Hair Loss And Prostate Drug May Cut Risk Of Heart Disease

5 months ago

3324  0
Posted on Feb 22, 2024, 1 p.m.

A drug commonly used to treat male pattern baldness and enlarged prostate in millions of men around the globe may also provide surprising and life-saving benefits according to research from the University of Illinois published in the Journal of Lipid Research, suggesting that it may lower cholesterol and cut the overall risk of developing cardiovascular disease. 

"When we looked at the men taking finasteride in the survey, their cholesterol levels averaged 30 points lower than men not taking the drug. I thought we'd see the opposite pattern, so it was very interesting," said lead study author Jaume Amengual, assistant professor in the Department of Food Science and Human Nutrition and the Division of Nutritional Sciences, both part of the College of Agricultural, Consumer and Environmental Sciences (ACES) at the U. of I.

According to the researchers, the study found significant correlations between finasteride use and lower cholesterol levels in close to 4,800 men enrolled in the National Health and Nutrition Examination Survey meeting the general health criteria for analysis inclusion.  However, of the 4,800 men only 155 men who were all over the age of 50 reported using finasteride, and the researchers were unable to tell how long they were taking it. The researchers also found a reduction in total plasma cholesterol, delayed atherosclerosis progression, lower inflammation in the liver, and other related benefits in mice studies using high doses of finasteride.

"This was not a clinical study in which you can control everything perfectly," Amengual said. "It was more of an observation that led us to say, 'Okay, now we've seen this in people. Let's see what happens in mice.’" 

"I was reading about this medication one day, and I started to notice that there were not many long-term studies of the implications of the drug. Initially, it was just my own curiosity, based on the fact that hormone levels are known to have an effect on atherosclerosis, hair loss, and prostate issues," he added. "So, we decided to dig into it."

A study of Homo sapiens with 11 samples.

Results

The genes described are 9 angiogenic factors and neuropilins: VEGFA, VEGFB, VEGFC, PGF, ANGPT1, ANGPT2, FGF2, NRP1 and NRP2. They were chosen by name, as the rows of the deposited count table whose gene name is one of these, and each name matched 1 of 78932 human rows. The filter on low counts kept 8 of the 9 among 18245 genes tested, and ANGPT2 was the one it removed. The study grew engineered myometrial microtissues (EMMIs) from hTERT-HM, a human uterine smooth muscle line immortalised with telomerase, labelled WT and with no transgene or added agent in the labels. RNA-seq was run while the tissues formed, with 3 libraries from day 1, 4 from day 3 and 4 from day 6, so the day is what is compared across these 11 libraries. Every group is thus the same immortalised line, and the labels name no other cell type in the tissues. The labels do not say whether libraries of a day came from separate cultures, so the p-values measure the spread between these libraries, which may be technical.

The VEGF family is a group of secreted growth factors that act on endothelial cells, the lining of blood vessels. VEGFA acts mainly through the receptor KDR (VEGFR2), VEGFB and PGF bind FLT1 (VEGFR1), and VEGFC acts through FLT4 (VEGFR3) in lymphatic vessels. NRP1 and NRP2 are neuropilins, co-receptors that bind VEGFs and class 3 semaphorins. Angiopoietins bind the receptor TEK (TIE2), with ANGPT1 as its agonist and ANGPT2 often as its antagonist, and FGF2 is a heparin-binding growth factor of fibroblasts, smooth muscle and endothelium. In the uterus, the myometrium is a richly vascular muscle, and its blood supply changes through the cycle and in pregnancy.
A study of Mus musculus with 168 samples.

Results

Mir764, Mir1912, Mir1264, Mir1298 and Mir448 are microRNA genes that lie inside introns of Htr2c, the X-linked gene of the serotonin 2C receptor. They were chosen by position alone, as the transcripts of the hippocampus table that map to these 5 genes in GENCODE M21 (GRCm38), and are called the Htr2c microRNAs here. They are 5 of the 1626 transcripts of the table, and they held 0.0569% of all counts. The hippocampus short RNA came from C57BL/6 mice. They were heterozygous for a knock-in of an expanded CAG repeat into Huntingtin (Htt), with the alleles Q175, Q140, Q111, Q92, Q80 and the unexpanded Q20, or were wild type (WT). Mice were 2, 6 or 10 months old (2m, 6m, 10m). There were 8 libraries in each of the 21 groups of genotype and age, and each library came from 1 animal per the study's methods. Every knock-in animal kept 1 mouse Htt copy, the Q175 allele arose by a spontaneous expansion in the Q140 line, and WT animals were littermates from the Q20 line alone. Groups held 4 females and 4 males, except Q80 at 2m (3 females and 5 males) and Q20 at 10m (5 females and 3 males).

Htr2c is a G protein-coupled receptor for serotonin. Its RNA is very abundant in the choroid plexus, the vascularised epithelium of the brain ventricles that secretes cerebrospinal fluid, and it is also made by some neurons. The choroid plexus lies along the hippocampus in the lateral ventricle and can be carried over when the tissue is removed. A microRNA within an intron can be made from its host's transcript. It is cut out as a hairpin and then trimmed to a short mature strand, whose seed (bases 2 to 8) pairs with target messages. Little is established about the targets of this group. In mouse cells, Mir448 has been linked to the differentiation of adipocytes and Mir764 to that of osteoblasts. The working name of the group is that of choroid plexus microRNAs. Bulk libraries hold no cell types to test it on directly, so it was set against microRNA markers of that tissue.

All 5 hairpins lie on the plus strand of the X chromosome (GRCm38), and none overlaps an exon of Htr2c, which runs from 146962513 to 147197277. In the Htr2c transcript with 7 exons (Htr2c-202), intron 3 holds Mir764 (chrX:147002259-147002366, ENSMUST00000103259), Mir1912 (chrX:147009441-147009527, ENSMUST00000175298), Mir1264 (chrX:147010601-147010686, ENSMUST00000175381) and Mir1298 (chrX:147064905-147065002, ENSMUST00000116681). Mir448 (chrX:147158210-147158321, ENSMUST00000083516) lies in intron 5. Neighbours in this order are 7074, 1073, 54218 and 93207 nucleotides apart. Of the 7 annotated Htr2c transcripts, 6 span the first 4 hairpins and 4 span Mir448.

Finasteride works by blocking a protein found in hair follicles and the prostate gland that activates testosterone. After discovering the link between lower cholesterol in men and finasteride, Amengual tasked doctoral student Donald Molina Chaves to investigate if the pattern held in mice who consumed a high-fat, high-cholesterol Western-style diet for 12 weeks. Four levels of the drug were tested: 0, 10, 100, and 1000 milligrams per kilogram of food in male mice that were genetically predisposed to atherosclerosis. 

"Mice that were given a high dose of finasteride showed lower cholesterol levels within the plasma as well as in the arteries," Molina Chaves said. "There were also fewer lipids and inflammatory markers in the liver."

"It's an incredibly high level of the drug. But we use mice as a model, and they are extremely resistant to things that would kill any of us," Amengual said. "So it is not that crazy when you think about it that way."

Humans would take 1 milligram for hair loss and 5 milligrams for enlarged prostate, and the fact that a clear pattern emerged of men taking the drug at these doses suggests that the drug may be lowering cholesterol without the outrageous megadoses that were tested in mice. 

Like any medication, finasteride is not without risks. The next steps would be for physicians to start tracking the effects of finasteride on cholesterol in patients or to conduct a clinical trial to verify the results of this study. 

"Over the past decade, doctors have started prescribing this drug for individuals transitioning either from male to female or female to male. In both cases, the hormonal changes can trigger hair loss," he said. "The interesting thing is that transgender people are also at a higher risk of cardiovascular diseases. So this drug could have a potential beneficial effect to prevent cardiovascular disease not only in cis men, but also in transgender individuals."

As with anything you read on the internet, this article should not be construed as medical advice; please talk to your doctor or primary care provider before changing your wellness routine. This article is not intended to provide a medical diagnosis, recommendation, treatment, or endorsement. These statements have not been evaluated by the Food and Drug Administration.